Losses continued to mount last year at the ethical clothing company founded by Bono and his wife, Ali Hewson.
New figures lodged with the Companies Office show that Edun Apparel Ltd recorded a loss of $7.88 million (€5.9 million) in the 12 months to the end of December last and this followed the firm recording losses of $8.5 million in 2011.
The two established the global fashion brand in 2005 in an effort to bring about positive change through its trading relationship with Africa and its positioning as a creative force in contemporary fashion.
In spite of the losses, the Hewsons in their directors’ report say they are “very satisfied with progress during the year, which was in line with the (five-year) strategic business plan projections”.
The directors say the company is “ in investment phase and has made much progress in building its supply chain, brand, marketing materials and retail partnerships, as well as the implementation of its mission”.
In a press interview earlier this year commenting on the progress of Edun, Ali Hewson said: “It has been tough, and I think it’s fair to say that we were a little naive about the challenges at the start. We’re not making money yet, but we’ve survived a recession. We’re still in the game and growing. It’s a long-term commitment.”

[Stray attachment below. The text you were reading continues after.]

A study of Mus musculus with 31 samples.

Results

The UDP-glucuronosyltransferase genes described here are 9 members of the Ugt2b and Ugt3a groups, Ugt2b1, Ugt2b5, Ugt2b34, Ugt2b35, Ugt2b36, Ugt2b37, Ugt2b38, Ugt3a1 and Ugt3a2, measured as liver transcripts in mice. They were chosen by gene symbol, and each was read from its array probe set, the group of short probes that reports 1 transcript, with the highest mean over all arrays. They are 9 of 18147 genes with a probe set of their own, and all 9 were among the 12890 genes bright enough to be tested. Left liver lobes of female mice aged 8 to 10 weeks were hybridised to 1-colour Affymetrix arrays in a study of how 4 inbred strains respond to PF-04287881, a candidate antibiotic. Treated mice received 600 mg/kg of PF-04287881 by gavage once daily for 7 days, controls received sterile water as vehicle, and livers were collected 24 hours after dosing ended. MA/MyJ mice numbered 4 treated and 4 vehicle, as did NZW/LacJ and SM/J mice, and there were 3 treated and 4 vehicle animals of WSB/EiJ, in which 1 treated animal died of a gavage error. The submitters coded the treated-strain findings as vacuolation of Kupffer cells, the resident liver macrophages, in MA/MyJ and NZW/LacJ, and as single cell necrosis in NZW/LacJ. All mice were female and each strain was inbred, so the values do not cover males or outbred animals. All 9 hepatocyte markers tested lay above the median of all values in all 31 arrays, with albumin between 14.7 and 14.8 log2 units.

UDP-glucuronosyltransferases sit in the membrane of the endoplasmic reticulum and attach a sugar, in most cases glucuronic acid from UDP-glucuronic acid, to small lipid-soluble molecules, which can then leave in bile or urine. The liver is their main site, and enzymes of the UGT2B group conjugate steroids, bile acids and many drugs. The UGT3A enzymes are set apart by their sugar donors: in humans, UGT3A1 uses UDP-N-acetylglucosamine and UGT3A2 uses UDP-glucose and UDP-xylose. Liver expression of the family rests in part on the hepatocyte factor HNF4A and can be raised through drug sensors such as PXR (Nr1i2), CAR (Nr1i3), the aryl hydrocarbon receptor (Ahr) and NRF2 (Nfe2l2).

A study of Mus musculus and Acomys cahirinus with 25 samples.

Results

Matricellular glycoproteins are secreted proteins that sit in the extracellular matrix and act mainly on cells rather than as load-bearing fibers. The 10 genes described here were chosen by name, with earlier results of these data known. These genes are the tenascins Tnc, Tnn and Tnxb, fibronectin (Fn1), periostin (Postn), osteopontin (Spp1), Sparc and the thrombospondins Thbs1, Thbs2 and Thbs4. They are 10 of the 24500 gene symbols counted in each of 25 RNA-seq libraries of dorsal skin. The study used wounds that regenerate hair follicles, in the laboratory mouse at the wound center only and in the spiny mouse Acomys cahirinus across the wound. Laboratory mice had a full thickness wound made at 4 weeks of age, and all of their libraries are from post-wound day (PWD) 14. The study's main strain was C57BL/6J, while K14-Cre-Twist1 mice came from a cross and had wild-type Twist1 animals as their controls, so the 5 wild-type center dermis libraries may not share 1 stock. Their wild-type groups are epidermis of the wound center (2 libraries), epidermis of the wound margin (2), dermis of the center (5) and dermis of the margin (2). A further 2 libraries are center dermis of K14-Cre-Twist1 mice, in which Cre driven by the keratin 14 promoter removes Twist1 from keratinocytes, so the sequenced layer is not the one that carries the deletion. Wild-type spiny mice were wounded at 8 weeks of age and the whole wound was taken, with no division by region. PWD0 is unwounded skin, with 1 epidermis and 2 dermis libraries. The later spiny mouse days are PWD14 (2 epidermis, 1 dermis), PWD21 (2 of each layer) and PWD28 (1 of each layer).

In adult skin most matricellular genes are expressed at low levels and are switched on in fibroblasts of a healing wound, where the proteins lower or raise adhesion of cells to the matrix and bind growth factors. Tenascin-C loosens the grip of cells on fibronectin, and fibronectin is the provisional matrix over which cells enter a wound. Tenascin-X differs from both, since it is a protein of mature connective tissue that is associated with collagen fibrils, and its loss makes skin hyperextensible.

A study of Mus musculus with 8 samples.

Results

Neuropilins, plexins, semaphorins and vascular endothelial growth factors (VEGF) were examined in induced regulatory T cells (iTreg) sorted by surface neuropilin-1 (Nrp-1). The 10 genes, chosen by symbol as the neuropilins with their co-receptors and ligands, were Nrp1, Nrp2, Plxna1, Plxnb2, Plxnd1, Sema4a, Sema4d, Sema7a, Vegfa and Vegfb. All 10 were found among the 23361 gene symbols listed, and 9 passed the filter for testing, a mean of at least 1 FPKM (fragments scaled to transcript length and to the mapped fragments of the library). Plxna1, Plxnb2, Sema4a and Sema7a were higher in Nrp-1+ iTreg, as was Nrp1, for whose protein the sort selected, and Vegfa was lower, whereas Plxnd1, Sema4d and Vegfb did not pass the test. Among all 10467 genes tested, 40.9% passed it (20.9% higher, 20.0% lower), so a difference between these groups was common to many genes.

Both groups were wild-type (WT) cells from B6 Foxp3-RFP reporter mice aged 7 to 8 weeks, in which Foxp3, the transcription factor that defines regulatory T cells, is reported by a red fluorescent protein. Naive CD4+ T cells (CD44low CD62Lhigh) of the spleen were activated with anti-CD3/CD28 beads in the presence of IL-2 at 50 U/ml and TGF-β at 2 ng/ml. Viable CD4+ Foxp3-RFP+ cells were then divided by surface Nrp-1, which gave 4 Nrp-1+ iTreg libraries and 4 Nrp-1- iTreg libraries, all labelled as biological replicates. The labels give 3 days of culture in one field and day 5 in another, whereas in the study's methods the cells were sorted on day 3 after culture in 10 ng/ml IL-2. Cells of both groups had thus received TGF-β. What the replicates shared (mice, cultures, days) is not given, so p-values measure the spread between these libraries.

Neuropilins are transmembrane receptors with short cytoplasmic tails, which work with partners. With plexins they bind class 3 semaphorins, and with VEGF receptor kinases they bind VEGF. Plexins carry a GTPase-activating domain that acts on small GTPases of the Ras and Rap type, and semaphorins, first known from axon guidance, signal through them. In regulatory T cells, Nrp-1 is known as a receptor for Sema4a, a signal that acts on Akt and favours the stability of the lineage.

Accumulated losses total $54.5 million and figures show that the shareholders – Bono, Ali Hewson and the world's largest luxury goods group, LVMH – further propped up the company with an additional $17.8 million in loans in 2012 bringing to €54 million in shareholder loans.
LVMH – which owns some of the world's top luxury brands including Louis Vuitton, Moët & Chandon and designer brand Donna Karan – owns 49 per cent of Edun Apparel.
Arising from the 2009 deal to purchase just under half of Edun, LVMH provides support, investment and infrastructure to help the business grow into a global fashion brand and support its vision to grow trade in Africa.
The figures show that Edun’s net liabilities increased from $29.1 million to $37 million during the year.
A note attached to the accounts addressing the firm’s going-concern status states that the company is financed by way of shareholder loans. “The shareholders have confirmed that they will not seek repayment of the said loans for the foreseeable future and they will provide the company with sufficient finances to ensure the continued operation of the company,” it says.